Title: Long Live
Character/s: Merlin, Arthur,
Summary: When Merlin runs out into the rain, Arthur follows.
Word Count: 1000
Prompt: In the rain
Author's Notes: I don't know if I'll get as far as a bingo, but I'm having so much fun writing these dorks again. This one is a bit angsty.
Ignoring Arthur’s cry, he dashed down the steps, almost slipping. It was only then he realised it was raining; a fine drizzle that quickly soaked through his jacket. The courtyard was deserted as even the guards took shelter from the weather. He heard footsteps behind him and cursed.
The one time he wanted Arthur to be oblivious to his emotions and, of course, it was the one time the prince noticed. It was typical, another thing destiny threw at him.
Even thinking the word left a bitter taste in his mouth. Destiny, fate… why couldn’t the whole lot of them just leave him alone?
A hand grabbed his arm, spinning him around. The rain was getting harder: his hair was plastered to his forehead and he watched a drop run down Arthur’s face, resisting the urge to brush it away.
There was emotion in the prince’s eyes. A raw, deep emotion that he normally kept carefully hidden. He’d let his guard down in his room, let Merlin in the way he normally did, and Merlin had repaid him by running out into the rain.
“Leave me alone.”
“Not until you tell me what’s going on.”
He recognised that tone of voice. The more he argued, the more Arthur would refuse to move. He brushed his hair from his eyes.
“Please, Arthur. Go.”
“I’m not leaving you. Not like this.”
It was the worst thing he could have said. Merlin’s fingers gripped his hair and he gave a soft cry of anguish that made Arthur flinch.
“But you will.” His words were barely more than a whisper and he couldn’t hardly hear them over the pounding of his own heart. But Arthur stepped closer, reaching for him again, and Merlin knew he had heard.
“What is this about?”
“It’s about…about… you and your need to go and save everyone.”
It wasn’t fair. He could hardly blame Arthur for wanting to protect his people. But it was too soon, coming too close to another cryptic warning he wouldn’t be able to keep Arthur safe, and Merlin couldn’t take it.
“No, it’s not.” Arthur spoke softly. His hand was on Merlin’s arm again, this time drawing him in. Merlin stumbled forward a step, squinting through the rain. His hand scrunched into a fist and he softly hit Arthur on the chest.
“Yes, it -,”
“Merlin.” His name was a soft plea, a request to open up. Merlin couldn’t refuse him: he never could.
“You’ll go out and save the day,” he murmured, “and get yourself killed. I’ve lost so many people, Arthur. My father, Will, Morgana…” He trailed off. The latter was still raw and he couldn’t mention Freya, not in front of Arthur.
“I can’t lose you, too. I can’t, Arthur.”
He didn’t care about destiny. He didn’t care if he was meant to protect the Once and Future King. All he cared about was that the idea of failing, of losing Arthur, was more than he could fathom.
“You’re not going to lose me.”
“You’re not.” There was conviction in Arthur’s voice. The same type of conviction Merlin heard when he was inspiring his men into battle, or convincing a village to rise up and fight. The type of conviction that made Merlin feel there was hope.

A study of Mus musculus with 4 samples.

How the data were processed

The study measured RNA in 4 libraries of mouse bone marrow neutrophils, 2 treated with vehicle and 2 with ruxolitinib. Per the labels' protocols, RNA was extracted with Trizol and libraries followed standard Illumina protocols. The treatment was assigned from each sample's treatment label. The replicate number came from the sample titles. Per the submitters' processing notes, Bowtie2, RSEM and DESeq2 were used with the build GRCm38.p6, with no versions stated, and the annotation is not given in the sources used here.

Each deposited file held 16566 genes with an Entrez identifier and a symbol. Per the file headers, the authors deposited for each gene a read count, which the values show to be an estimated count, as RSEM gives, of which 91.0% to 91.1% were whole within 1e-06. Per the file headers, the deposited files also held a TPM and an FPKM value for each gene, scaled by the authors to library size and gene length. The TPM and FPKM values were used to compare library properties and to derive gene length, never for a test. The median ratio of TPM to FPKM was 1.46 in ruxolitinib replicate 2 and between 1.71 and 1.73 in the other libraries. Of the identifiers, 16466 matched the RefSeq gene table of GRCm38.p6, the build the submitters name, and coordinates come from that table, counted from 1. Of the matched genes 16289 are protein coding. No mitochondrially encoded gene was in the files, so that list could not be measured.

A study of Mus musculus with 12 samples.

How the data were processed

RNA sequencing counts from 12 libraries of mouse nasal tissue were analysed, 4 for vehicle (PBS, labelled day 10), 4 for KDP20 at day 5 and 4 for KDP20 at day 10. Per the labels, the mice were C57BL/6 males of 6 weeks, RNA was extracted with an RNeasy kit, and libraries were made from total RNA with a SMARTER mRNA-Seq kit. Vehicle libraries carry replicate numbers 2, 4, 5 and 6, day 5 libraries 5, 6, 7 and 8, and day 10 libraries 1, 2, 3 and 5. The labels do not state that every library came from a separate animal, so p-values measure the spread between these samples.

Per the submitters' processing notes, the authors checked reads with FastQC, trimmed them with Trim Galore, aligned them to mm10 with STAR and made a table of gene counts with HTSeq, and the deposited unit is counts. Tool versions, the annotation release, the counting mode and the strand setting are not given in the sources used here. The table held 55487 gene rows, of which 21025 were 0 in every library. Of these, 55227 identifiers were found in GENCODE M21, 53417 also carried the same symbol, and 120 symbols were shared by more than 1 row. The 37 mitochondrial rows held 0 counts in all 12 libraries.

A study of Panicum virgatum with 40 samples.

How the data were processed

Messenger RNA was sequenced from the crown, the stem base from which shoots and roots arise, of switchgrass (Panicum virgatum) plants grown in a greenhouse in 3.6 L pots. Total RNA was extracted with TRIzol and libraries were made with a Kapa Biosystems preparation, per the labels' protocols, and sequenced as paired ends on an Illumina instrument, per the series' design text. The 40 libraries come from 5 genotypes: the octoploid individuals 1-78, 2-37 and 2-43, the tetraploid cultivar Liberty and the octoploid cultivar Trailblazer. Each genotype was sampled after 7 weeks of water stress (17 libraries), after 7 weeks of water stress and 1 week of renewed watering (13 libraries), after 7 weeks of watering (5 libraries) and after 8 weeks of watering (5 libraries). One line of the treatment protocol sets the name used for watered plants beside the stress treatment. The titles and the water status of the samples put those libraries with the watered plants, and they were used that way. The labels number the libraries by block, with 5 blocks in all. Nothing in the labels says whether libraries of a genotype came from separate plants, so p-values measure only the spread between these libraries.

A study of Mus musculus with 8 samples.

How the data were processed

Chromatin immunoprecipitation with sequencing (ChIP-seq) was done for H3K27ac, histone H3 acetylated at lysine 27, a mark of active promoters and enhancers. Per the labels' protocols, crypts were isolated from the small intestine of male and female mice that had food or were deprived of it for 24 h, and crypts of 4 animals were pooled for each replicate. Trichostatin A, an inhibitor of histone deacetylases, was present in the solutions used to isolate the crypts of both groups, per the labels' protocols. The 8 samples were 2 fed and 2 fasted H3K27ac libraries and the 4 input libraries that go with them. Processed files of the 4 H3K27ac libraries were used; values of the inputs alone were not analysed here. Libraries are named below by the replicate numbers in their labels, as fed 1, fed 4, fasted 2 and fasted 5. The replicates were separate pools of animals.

He sniffed, suddenly realising there were tears mingling with the rain running down his face.
“You don’t know that.”
“Neither do you,” Arthur retorted. He took a small step back, a familiar easy grin on his face that made Merlin’s heart skip a beat. “Besides, do you really think you can get rid of me that easily? I haven’t given you a day off in five years, I’m not about to start now.”
He wasn’t ready for a return to levity, but he understood why Arthur did it.
“Promise?” he murmured. He didn’t care that it was childish, and that no man could change fate, regardless of their power. But he needed to hear Arthur say it.
An arm slid around his waist, drawing him closer. The rain was heavier now and Merlin knew it shielded them from anyone looking out the window. It offered a privacy they weren’t used to outside of Arthur’s chambers.
“I promise,” Arthur murmured, his gaze locked on Merlin’s lip. Involuntarily, Merlin swallowed, feeling the heat coming from the prince. He shivered, and it was nothing to do with his soaked shirt.
“You know me, Merlin,” Arthur continued, closing the gap between them. “I’m a man of my word.”
Merlin couldn’t argue with that. He met Arthur halfway, lips meeting, arms looping around Arthur’s neck, pulling him closer, stopping him from moving away. He could feel Arthur’s hand spread across his lower back, a warm, comforting and solid weight that reminded him that he was still here.
Merlin hadn’t lost him yet.
As the kiss deepened hungrily, he leant into his prince. They finally paused for air, and Merlin brushed his fingers through Arthur’s wet hair, brushing it from his eyes.
“We should get in out of the rain,” he murmured, content to lean against Arthur and stay in the protection his strong grip offered. He didn’t want to be the one always saving people.
And staying here, out in the rain, his body still tingling from the kiss, he felt like he could let go of that weight, even if it was just for a few heartbeats.
His eyes closed as Arthur drew back, but fingers linked with his, tugging him back towards the steps and, finally, into the shelter of the corridor, out of the weather.
“Can you wait for a sunny day next time you have a crisis?” Arthur said, trying to peel his damp shirt from his body. Merlin smirked, although it was still a shadow of his usual smile.
“I’ll bear that in mind.”
“Good.” But Arthur’s smile was soft and tender, and he didn’t let go of Merlin’s hand as he led them back to his chambers.